Tuesday, January 20, 2009
Page 5 of 5.
Oh my, the yellow page. Everything happened (down to the Super Mario stand-in taxi driver) like in the comic. The actual drawing here is a bit rushed in places but I... was in a rush. To feed, to clean up and finally to sleep were incandescent bright priorities at this point, not a silly comic. You're not supposed to make a full story in a single day now I know.
I'm not aware if it's customary in heathen lands for taxi drivers, especially when they pick up people from commute stations, to try to fit in as many people as possible and then entertain their brains by trying to figure out the optimal route that hits all the drop points, but in Greece it's something of a high art. Although of course, completely illegal. I have sheldom taken taxis when I travel abroad because as I've found, they're too expensive. Your savage, heathen lands happen to have developed and trustworthy public transportation systems in place that suit the populance and therefore you don't resort to taxis a lot. In the highly magnificent pillar of civilization that is Greece, if after the train ride (which is dependable but smelly) I wait for the bus to take me home, I might be waiting anything from 30 minutes to three times that. Completely up to the drivers whim. I dislike that position so I customarily spend the 5 euros for the cab ride from Kyfisia to Drosia (which is "wherever the hell home is").
And yeah, the dude in the front got of literally 100 meters later from where he got in. I guess the slight rain and his expensive suit wouldn't mix. This should have been an observation panel in itself really, but, much like a panel needed between 'I headed home' and the fucking toilet that would establish what 'home' was, I was too tired and cut corners. Perhaps a few more panels of the small-talk that occurred between me and flirty mcsexy eyes over there would be prudent because it was interesting how I assumed the role of THE GREAT OBSERVATOR. I noted everything she said with her friend, her bag, her clothing, how she laughed. I judged and spared with the kindness reserved for heart-struck fools. I wondered how our love would be and her body's contour on my satin sheets high in my castle of solitude soon to be renamed. All in all, I should have made another page. But. 24 hours. Tired. Not a robot - sadly. No, wait, not sadly! I'm happy to be a human being, to have tender fleshy meat-thing emotions that when upset can send me spiralling out of daily control and into patters on slow but assured psychological self-destruction.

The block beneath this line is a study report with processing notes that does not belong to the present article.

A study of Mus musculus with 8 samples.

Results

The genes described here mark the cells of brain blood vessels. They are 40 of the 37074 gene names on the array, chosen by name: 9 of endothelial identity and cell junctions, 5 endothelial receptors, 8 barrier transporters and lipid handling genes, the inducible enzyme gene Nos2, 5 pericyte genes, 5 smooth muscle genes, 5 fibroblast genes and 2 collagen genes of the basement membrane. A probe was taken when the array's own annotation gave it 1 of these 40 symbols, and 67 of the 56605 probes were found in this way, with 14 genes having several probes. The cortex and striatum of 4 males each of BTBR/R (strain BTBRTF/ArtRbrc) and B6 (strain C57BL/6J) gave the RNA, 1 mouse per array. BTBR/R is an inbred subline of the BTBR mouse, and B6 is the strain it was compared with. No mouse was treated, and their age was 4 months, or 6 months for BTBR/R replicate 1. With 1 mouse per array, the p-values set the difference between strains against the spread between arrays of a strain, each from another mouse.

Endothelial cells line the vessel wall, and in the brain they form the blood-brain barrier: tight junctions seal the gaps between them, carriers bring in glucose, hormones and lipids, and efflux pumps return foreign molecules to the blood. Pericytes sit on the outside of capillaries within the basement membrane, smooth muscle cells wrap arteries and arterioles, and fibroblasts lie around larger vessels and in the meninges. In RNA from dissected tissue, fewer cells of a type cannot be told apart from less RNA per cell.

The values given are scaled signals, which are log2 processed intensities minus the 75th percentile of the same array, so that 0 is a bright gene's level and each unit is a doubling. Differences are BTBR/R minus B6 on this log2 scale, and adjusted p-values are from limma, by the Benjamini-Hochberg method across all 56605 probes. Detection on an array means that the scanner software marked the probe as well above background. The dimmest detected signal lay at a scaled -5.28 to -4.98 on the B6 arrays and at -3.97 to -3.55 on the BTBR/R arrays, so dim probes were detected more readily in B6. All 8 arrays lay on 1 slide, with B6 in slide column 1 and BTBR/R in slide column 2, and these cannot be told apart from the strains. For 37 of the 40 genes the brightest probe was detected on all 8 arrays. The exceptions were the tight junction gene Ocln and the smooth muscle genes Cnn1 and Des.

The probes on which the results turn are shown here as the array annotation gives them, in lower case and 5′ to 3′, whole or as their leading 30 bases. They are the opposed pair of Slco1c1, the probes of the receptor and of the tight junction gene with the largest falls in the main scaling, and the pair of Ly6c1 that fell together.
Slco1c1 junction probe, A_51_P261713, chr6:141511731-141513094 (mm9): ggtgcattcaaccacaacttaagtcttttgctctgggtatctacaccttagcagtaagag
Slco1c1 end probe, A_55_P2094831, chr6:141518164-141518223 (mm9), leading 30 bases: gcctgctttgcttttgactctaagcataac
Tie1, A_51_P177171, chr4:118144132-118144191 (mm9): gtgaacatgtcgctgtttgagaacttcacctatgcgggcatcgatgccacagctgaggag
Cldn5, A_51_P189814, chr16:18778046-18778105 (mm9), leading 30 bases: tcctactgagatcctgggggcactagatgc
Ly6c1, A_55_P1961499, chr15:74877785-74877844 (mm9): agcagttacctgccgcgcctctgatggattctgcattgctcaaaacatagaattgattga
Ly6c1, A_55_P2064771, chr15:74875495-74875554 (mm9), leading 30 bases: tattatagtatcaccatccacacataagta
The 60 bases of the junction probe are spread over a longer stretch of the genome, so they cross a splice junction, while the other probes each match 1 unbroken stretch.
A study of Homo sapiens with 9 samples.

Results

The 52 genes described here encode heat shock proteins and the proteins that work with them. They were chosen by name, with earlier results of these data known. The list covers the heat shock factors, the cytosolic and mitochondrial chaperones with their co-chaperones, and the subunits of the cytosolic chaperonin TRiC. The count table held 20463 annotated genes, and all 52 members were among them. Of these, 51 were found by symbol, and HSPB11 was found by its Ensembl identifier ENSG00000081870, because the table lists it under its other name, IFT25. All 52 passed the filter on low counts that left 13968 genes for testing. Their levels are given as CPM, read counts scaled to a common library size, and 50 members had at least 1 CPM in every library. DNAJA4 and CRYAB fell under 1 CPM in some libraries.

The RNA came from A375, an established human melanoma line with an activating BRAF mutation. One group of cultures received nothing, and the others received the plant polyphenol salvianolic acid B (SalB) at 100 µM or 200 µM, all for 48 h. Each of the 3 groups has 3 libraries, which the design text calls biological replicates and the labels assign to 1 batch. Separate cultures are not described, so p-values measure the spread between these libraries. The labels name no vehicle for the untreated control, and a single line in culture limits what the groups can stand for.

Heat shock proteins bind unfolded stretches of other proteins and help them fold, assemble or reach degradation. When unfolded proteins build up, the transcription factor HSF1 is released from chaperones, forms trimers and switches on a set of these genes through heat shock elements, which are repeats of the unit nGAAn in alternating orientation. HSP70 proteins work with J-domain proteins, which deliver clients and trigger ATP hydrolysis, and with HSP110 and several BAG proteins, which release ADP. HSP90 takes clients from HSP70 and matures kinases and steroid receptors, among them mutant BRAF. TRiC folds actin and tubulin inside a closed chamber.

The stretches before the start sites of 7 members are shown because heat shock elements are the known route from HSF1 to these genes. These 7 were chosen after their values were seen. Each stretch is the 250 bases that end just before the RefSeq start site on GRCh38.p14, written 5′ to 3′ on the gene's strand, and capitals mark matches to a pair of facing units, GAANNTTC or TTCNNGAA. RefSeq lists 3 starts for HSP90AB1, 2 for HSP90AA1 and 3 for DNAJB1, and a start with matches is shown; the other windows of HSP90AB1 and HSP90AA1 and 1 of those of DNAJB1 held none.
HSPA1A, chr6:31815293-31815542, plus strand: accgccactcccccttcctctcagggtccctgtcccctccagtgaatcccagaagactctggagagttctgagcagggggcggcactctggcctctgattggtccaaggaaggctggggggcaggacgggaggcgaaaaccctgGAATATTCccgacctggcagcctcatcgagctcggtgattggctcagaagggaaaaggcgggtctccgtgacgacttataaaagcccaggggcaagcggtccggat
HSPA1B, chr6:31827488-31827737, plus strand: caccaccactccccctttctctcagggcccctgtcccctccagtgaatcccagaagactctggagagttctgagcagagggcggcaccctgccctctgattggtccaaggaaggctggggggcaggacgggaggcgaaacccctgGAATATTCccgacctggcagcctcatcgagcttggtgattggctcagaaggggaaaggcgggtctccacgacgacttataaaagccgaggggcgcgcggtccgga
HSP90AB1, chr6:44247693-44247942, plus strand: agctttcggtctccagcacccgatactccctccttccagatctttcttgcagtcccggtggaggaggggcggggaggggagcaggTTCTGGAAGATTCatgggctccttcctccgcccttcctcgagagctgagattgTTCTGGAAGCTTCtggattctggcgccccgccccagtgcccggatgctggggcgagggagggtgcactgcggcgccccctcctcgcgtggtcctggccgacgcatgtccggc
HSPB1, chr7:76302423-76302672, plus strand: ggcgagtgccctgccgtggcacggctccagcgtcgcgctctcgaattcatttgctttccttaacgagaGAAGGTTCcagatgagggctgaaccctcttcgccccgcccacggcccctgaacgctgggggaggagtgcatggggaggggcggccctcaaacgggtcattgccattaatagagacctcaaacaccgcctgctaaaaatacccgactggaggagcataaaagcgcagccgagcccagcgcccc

I hope you liked the comic and you don't feel too irritated by proxy. It was a turning point of me definitely towards the better, so it's an experience that - besides the occasional milking for comics and party conversation - is actually pretty important to me, in all its mundanity. Honestly, I could have gone on narrating from that point onwards to today (it would take about 3,000 pages of comics, I think) and it would be a consistent call-and-response model. Echoes of the choices I made during that time resonate to everything that happens to me today. I wouldn't make that comic because I don't think that when I die and St. Peter asked me what I did with my life I should answer 'oh I made an existentialist comic starring myself working through adolescence to maturity'. It's just not the right thing to say. The right answer is:
"I did everything I desired.
I became a human being.
I live forever."
So, yes, still working on that.
P.S. My friend Esseb (yes I know, what an informative website!) also attempted this, and it turns out I didn't mess up as much as I thought! Some of the outfits are ridiculous but I needed them to be different from each other!
P.S.2 Tomorrow I will have at least 100 of the 500 books I'm printing. If those run out during the festival (which, here's hoping, will happen) I am sure from the 21st to the 23rd or 24th, I can run back and get more. Excited about the festival, excited about everything. Yet another good day with brilliant and kind sunlight. I hope everything is well in your life too, reader.